How Brands Get Shoppers To Volunteer Their Personal Data [Future Of Retail]

How Brands Get Shoppers To Volunteer Their Personal Data [Future Of Retail]

Customers are willing to share their data in exchange for transparency and better experiences.

  • 10 november 2013

Absolutely massive amounts of personal data have been generated over the past five years, much of it tied to the mainstreaming of social media and mobile device usage. Though most of it remains unstructured, this information has the potential to unlock tendencies related to behavior and preferences both at an individual level and in aggregate. Nowhere is this more true than in a retail context, where data can help companies uncover insights about shopper dwell times, purchase patterns and the effectiveness of in-store marketing, to name a few.

But despite having access to mountains of data, retailers and brands still struggle with quality. What’s more, growing privacy concerns have made shoppers far less willing to allow their personal information to be surreptitiously tracked and scraped without their knowledge and consent. This new dynamic has led to a more open dialogue between retailers and their customers, resulting a new marketplace built on an even value exchange. The emerging practice of customers sharing their data in return for tailored content, experiences and deals points to a trend from PSFK Labs‘ latest Future Of Retail Report we’re calling Data Trading Systems.


A joint study between Microsoft and IPG Mediabrands found that despite not wanting to be tracked, 45 percent of consumers said they believe they will eventually sell data to brands in the future, while the same percentage is willing to share data collected about them online if it means advertisements would be better tailored to their preferences. Another survey conducted by ResearchNow showed that 47% of women said they would willingly share their mobile phone location with a retailer in return for a $5 credit, and 83% of those surveyed would do so for a $25 credit.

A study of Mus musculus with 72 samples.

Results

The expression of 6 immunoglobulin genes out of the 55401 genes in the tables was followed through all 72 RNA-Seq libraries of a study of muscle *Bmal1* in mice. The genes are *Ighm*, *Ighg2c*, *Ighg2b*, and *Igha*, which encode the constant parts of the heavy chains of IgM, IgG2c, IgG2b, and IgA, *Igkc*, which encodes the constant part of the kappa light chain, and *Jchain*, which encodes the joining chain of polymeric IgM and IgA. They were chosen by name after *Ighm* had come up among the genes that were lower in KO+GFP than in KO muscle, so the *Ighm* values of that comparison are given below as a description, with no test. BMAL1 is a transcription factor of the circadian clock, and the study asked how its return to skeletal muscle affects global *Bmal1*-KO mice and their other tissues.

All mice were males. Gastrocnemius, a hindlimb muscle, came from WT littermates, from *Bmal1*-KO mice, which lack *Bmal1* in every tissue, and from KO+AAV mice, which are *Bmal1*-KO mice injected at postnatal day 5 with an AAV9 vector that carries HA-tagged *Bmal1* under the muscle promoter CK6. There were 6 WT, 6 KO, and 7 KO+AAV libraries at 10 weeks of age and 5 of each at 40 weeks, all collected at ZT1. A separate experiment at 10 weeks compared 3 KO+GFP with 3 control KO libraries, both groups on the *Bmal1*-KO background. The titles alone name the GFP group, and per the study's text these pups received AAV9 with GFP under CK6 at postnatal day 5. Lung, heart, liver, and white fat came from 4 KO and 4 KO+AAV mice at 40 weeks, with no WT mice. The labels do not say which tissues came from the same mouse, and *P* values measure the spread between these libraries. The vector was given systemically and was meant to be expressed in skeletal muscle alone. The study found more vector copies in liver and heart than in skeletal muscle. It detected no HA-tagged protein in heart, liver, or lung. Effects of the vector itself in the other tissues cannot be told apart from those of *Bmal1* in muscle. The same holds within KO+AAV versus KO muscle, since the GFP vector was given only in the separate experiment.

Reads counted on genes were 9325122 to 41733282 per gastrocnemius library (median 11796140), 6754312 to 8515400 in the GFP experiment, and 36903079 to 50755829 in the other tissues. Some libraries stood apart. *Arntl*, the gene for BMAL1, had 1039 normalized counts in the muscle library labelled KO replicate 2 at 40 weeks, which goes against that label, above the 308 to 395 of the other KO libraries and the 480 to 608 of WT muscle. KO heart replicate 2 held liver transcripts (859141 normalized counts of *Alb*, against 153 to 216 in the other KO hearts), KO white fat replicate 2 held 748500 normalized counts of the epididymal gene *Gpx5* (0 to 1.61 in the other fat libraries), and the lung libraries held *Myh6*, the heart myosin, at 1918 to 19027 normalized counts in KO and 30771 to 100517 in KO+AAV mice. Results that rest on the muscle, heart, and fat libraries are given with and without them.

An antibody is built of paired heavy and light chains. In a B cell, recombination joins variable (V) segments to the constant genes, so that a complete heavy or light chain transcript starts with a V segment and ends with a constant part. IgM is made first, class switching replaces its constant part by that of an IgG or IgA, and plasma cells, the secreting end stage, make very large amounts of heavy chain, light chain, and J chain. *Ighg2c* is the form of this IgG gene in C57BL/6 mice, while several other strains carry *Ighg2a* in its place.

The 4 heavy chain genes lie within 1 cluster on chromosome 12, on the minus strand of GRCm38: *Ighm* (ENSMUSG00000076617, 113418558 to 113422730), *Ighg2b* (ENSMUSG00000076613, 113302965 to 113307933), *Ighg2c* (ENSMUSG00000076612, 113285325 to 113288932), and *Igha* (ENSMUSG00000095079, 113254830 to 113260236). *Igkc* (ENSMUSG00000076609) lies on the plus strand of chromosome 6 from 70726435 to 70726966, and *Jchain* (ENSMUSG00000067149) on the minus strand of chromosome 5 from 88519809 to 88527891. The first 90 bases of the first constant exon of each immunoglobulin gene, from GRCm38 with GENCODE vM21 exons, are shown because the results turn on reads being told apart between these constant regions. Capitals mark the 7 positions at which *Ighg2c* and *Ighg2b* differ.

We’re especially bullish on the opportunities this shared data enables around personalization, which can contribute to improved service, and experiences online, on a mobile device or in-store, helping mitigate some of the concerns related to how it’s being used. This transparency is key. As CEO of  KD+E Erik Dochtermann notes “Retailers can turn the ‘they’re spying on me’ sentiment into a ‘they’re trying to build a store just for me’ sentiment,” giving customers even more reason to shop with you. So what’s the takeaway for brands and retailers?


PSFK Labs’ Director, Scott Lachut, tells us “Retailers and brands need to recognize that in today’s marketplace, personal information is a new asset class. In the same way that your shoppers will pay for quality so should you. Show your customers that they have your respect by creating an open exchange that demonstrates that they have value beyond a string of 0’s and 1’s.”

As you begin to consider implementing a Data Trading System in your own organization, ask yourself these questions to assess your readiness:

  • Can you become the trusted keeper for data that your customers rely on?

  • How can you empower them to use this data beyond the context of your store or brand?

  • What services can you offer to enable shoppers to further build out the value of the data that they share?

  • How can you reward and thank your customers for sharing their personal information?

  • What data do you want to capture and how will you use it to improve both your backend and consumer-facing operations?

In the fourth edition of the Future of Retail Report, PSFK Labs brings together two interconnected themes and eleven key trends that provide a foundation for the modern shopping experience. The findings are brought to life with best-in-class examples, actionable strategies and leading questions to inspire leading retailers and brands.